The only reason China is investing in everything possible for their energy mix is because they need more energy then they can generate. Once their energy catches up to their demand they will be able to take a serious look at what energy sources are the most efficient and narrow their scope to what can be considered clean energy. Once their focus on quantity is turned to quality, hopefully they will still include fossil fuels. Really?
There is a needed mix for energy and it includes fossil from my perspective. I struggle to understand why the Obama Administration wants to throw coal under the bus. If we change the way we look at coal, it too can be a cleaner energy source. If we convert coal to electricity via electrochemical oxidation without burning it, we can generate twice the electricity with half the coal and manage the waste without a variety of toxins ever getting release into the atmosphere. We have managed nuclear waste for 60 years so we already know how to do it safely.
The concept is called Direct Carbon Fuel Cells (DCFC) and Lawrence Livermore National Labs (LLNL) has demonstrated this technology as far back as 2005. Why no one is interested in this solution stuns me just like the Molten Salt Reactor (MSR) oversight for clean safe nuclear energy did fifty years ago. Natural gas and oil can also be used as a source for this DCFC process and the best part is that it already comes with an existing commercial electrical power generation infrastructure.
I’ve written a short paragraph about DCFC in a previous column but I strongly believe the Unites States Coal Industry needs to take a serious look at this potential technology. There are several reasons why I take this position and the first and most obvious is that the Coal Industry is on the chopping block with the latest EPA regulations. The new regulations have to do with clean air and water from the coal burning process to generate electricity. The EPA itself admits that the plan’s usefulness against the threat of climate change will be so small that it will be impossible to measure. If you eliminate the ‘burning of coal’, you eliminate the need for new regulations and many of the older regulations as well.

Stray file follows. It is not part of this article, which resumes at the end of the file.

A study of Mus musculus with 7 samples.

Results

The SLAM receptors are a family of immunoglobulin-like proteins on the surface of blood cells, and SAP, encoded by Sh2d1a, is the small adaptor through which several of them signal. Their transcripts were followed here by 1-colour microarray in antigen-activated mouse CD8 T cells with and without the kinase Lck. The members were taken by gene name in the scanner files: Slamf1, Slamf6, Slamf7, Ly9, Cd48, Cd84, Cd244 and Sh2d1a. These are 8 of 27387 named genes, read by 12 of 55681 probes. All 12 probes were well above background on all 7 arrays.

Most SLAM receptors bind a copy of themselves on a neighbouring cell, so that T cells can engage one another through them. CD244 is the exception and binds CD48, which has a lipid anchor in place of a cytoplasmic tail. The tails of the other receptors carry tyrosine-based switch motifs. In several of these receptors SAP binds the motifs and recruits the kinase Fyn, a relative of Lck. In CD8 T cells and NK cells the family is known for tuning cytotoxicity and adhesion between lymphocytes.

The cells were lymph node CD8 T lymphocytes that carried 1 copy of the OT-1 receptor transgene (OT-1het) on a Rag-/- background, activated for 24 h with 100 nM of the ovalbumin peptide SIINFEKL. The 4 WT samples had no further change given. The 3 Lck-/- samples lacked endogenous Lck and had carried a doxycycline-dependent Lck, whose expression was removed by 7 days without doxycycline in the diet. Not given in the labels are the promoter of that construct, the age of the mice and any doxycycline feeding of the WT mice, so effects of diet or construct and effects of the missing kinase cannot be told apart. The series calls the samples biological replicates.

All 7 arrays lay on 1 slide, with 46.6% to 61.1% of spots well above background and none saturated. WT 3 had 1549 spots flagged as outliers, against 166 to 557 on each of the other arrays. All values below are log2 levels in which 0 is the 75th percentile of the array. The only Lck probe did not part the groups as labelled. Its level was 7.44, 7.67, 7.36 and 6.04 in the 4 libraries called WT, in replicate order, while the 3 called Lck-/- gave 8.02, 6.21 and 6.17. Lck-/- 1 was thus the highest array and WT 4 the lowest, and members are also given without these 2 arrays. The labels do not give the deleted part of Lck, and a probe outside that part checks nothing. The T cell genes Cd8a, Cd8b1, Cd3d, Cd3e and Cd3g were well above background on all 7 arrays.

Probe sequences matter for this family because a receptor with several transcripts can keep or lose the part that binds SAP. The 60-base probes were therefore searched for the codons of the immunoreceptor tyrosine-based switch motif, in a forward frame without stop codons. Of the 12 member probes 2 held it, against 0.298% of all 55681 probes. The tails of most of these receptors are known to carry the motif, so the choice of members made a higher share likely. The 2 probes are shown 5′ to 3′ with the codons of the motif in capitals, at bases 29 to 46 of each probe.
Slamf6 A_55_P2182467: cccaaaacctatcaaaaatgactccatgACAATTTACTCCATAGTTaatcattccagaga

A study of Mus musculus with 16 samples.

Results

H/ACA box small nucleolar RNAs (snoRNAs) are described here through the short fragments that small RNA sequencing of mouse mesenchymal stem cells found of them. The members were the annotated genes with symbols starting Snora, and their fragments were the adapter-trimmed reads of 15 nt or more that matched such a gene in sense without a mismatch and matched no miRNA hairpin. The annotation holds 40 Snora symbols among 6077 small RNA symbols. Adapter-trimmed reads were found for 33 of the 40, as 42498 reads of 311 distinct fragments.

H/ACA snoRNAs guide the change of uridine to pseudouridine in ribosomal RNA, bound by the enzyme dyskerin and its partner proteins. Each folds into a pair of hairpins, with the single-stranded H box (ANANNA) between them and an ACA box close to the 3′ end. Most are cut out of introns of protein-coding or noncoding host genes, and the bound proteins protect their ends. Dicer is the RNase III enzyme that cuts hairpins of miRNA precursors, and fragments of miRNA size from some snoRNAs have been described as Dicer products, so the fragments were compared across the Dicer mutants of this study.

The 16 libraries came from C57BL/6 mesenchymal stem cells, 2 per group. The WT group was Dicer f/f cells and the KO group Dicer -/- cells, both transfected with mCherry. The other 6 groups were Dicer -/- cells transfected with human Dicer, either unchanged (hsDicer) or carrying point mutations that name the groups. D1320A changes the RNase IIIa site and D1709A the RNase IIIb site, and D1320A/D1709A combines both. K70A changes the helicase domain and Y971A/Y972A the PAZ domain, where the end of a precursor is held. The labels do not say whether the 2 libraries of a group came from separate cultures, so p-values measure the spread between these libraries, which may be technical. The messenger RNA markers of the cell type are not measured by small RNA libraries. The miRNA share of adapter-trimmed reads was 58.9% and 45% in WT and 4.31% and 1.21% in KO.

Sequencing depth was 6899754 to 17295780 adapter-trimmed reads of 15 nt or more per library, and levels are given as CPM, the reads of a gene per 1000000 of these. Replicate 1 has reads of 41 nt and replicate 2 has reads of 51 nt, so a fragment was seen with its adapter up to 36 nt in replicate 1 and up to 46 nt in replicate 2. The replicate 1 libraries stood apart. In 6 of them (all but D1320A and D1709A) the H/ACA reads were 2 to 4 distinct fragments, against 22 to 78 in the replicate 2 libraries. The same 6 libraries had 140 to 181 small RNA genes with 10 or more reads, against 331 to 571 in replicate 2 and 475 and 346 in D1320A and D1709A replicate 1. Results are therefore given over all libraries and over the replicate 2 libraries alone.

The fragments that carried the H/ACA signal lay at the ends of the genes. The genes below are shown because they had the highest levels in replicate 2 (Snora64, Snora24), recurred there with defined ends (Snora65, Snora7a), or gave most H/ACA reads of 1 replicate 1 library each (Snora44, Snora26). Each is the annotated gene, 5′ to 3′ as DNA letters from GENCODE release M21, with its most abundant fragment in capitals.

Coal is the cheapest source we have to generate electricity today. The fact that there is already a well established infrastructure for mining coal, it only makes business sense to leverage that infrastructure and only change that process which needs to be changed – the burn. At a fraction of the cost to build an equivalent nuclear power plant or renewable wind and solar farm, a new DCFC Converter can be built right next to the existing coal furnaces and the output fed directly into the electrical grid without having to go through a secondary steam turbine process. Wow! That would lower the cost of processing tremendously and make electricity generation from coal cheaper than coal. There is a little sarcasm in that last sentence because coal is the cost baseline for all other energy sources.
There is a book I read recently titled “The Moral Case for Fossil Fuels” and it addresses the abundance of what fossil fuel has contributed to our extraordinary life style. Even as an advocate of nuclear energy, I just don’t understand the reasoning behind those you want to shut down coal production when clean coal can be achieved if we wanted to commit the effort to it.